Eleanor, Franklin, Sara, Lucy, and Daisy

Until I was ten, I don't remember there being any photographs displayed in the house where I grew up. When my sister graduated high school, her commencement portrait was placed on top of the piano (and joined by mine eight years later). But there were no other photos on display.

There was, however, a very large print of a painting in our den. It was the unfinished portrait of Franklin Delano Roosevelt, my parents' hero, in the place where an ancestor's portrait might normally be found.

When I was thirteen, the play "Sunrise at Campbell" starring Ralph Bellamy tried out in Philadelphia before opening on Broadway. I did not come from a family that patronized the arts at all; yet, that year my father purchased tickets for the whole family, including my sister's fiance, to attend a performance. My father read Roosevelt biographies, and so did I when I got old enough. I've read every one I could get my hands on, and have seen all of the movies and PBS specials on the Roosevelts. I felt duty-bound; in some odd way, it seemed this was my own family I was learning about. I also was captivated by their story.

Joe and I have talked for a few years about taking a little trip up to Hyde Park and this past week we did just that. On Friday we toured Springwood, his boyhood home, and spent a long, long time going through the Presidential Library. We attended the film at the Visitors' Center and wandered around there. With another couple, we took a shuttle to Top Cottage, the private retreat FDR had built for himself as a place to get away from everything. Our guide there was very knowledgable and let the four of us show him what we wanted to learn about. On Saturday morning we had a private tour of Eleanor's retreat Val-Kill and the Stone Cottage.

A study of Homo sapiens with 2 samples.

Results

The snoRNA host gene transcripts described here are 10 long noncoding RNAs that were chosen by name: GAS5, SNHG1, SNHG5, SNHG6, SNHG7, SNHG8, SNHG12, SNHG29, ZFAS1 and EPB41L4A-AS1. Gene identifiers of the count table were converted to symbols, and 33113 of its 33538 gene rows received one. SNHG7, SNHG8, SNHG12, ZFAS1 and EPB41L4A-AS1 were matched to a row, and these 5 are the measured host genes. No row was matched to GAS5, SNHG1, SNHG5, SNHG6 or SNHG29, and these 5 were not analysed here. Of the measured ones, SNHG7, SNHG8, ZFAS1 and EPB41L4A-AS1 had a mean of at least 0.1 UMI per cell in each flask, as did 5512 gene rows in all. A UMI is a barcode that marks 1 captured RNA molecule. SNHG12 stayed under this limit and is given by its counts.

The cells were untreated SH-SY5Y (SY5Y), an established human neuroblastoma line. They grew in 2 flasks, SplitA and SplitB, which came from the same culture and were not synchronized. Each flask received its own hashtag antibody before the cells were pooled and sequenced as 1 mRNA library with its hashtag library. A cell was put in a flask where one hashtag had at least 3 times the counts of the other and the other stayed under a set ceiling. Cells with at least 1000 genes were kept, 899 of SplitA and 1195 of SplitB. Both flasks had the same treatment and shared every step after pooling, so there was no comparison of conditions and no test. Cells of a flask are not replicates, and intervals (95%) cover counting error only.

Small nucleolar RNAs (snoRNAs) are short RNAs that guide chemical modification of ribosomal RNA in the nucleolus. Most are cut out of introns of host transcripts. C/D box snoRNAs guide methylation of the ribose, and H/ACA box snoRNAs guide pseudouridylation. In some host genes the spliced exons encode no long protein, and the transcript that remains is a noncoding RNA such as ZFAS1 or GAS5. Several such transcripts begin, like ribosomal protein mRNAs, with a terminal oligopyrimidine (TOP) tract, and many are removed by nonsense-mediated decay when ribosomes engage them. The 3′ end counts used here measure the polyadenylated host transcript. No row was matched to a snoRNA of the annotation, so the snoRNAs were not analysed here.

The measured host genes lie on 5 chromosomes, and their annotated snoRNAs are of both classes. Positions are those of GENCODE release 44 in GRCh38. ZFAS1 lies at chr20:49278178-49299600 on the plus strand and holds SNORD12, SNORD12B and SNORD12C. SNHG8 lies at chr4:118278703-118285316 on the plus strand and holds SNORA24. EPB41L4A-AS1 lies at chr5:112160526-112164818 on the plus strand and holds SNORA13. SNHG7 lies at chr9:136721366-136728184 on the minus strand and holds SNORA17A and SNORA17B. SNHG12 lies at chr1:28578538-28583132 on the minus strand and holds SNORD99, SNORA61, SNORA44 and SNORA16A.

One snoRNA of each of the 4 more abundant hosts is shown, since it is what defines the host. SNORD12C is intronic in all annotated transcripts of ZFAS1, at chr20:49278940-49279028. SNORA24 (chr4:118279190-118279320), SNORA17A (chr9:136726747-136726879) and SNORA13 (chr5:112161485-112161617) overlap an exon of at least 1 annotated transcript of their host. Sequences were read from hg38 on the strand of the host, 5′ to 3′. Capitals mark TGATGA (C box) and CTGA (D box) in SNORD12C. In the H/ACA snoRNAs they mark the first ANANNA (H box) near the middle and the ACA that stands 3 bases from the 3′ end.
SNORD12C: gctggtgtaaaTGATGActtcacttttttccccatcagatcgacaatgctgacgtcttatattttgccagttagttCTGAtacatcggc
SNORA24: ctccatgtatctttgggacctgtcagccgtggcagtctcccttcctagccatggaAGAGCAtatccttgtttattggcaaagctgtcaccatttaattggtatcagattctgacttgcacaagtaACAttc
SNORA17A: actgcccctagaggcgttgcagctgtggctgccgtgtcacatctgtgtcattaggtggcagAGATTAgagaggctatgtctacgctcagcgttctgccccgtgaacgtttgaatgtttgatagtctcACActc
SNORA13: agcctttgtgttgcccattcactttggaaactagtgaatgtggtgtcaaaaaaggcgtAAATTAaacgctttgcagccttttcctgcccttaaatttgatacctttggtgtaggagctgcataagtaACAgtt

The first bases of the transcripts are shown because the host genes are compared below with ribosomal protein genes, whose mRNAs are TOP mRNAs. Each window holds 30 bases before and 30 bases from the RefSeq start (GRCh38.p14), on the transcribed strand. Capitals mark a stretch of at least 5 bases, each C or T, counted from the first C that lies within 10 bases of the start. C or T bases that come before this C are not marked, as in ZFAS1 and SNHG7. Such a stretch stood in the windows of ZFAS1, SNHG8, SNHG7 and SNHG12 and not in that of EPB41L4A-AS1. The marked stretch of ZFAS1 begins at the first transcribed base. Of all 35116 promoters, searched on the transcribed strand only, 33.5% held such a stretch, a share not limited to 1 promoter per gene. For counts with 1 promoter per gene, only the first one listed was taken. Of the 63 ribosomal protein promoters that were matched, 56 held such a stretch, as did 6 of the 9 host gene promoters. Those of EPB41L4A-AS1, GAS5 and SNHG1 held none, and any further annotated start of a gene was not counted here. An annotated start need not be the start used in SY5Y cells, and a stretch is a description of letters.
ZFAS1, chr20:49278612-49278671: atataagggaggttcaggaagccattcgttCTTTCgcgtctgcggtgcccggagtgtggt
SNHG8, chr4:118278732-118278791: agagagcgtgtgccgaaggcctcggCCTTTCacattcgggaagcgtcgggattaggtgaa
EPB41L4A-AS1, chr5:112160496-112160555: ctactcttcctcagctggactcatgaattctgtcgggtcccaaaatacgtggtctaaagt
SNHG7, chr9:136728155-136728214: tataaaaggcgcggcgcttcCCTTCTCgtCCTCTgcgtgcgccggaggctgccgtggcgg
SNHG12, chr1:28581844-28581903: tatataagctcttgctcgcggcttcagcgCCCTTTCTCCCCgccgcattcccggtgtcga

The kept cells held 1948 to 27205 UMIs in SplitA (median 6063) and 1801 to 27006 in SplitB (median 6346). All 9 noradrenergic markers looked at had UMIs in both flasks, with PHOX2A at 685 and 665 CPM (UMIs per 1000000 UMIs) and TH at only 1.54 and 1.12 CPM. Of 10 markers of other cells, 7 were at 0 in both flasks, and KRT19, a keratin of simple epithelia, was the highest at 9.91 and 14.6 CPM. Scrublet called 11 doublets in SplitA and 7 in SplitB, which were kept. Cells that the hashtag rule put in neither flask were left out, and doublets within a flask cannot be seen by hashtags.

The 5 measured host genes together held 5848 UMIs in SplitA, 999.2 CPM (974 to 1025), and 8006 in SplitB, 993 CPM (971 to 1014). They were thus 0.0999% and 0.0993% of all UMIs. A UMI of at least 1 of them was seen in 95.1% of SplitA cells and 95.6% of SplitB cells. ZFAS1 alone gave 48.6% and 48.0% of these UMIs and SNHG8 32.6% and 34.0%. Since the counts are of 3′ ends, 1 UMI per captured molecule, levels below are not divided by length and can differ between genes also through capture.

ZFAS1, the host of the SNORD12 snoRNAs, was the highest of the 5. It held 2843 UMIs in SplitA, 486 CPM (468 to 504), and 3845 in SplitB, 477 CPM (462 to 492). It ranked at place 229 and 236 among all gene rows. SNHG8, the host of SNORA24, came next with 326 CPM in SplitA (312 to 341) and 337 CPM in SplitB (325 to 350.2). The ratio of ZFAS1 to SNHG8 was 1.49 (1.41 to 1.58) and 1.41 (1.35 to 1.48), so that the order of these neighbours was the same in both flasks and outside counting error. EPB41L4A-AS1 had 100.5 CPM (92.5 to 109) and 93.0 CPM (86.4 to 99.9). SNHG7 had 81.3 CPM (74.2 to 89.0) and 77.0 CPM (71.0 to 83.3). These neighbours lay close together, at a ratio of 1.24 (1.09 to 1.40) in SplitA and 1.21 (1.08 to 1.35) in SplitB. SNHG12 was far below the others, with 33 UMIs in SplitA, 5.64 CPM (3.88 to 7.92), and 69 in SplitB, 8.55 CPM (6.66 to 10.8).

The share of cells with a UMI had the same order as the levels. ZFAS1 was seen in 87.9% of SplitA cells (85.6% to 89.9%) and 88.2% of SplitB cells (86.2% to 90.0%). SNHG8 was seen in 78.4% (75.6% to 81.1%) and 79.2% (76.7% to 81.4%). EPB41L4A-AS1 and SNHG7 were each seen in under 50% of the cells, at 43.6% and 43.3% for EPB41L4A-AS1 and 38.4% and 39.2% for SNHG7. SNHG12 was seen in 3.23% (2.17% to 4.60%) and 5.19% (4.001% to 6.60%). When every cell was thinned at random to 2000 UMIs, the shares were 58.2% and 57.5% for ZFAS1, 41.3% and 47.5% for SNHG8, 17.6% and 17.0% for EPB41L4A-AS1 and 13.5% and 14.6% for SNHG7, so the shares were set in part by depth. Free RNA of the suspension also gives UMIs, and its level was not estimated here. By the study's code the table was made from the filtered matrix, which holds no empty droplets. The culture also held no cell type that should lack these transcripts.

Everywhere I looked, there were reminders of the home where I grew up. I was fascinated to note a "what not" shelf on the wall at Val-Kill that was identical to one my mother had in her home, and intrigued to see that Eleanor had the same china pattern as my sister.

Later on Saturday morning, Joe wanted to tour the Vanderbilt mansion nearby. I urged him to do that, though I chose to wait in the shady parking lot with my sewing, reflecting on all we had seen. I had come to be immersed in the Roosevelt story, and didn't want to confuse myself.


Gretchen said…
Wonderful post! I would like to tour the same places. We went to Warm Springs & the Little White House years ago when we lived in GA. My husband has a copy of the Unfinished Portrait hanging in his office. FDR is admired greatly in our house as well.
FDR was my mother's personal hero as well and revered in our home when I was a child. I was raised by a single mother who was a young woman during the great depression and her stories made an indelible mark on me and I'm sure formed my political and social opinions.
Quiltdivajulie said…
Interesting - "I came to be immersed in and didn't want to become confused" -- great way to manage the number of things entering your mind!
Barbara Anne said…
I'm playing catch-up!

What a marvelous trip you two have been on! The Roosevelts have always interested me, too, and we recently saw the PBS series. If you've not seen FDR's monument in Washington, DC, I urge you to go sometime when you're headed south. FDR's example should put many of the current politicians to shame in their greed for power and their horrid carelessness about the citizens and the environment.

Nann said…
Now that you've seen the Roosevelts at Hyde Park, do put Campobello on your travel list. (Our one visit was 20+ years ago and we would like to go back. We were very close last year when we were on Grand Manan, but our itinerary took us northeast to P.E.I.) Have you been to Oyster Bay? (Home of the Theodore Roosevelts.)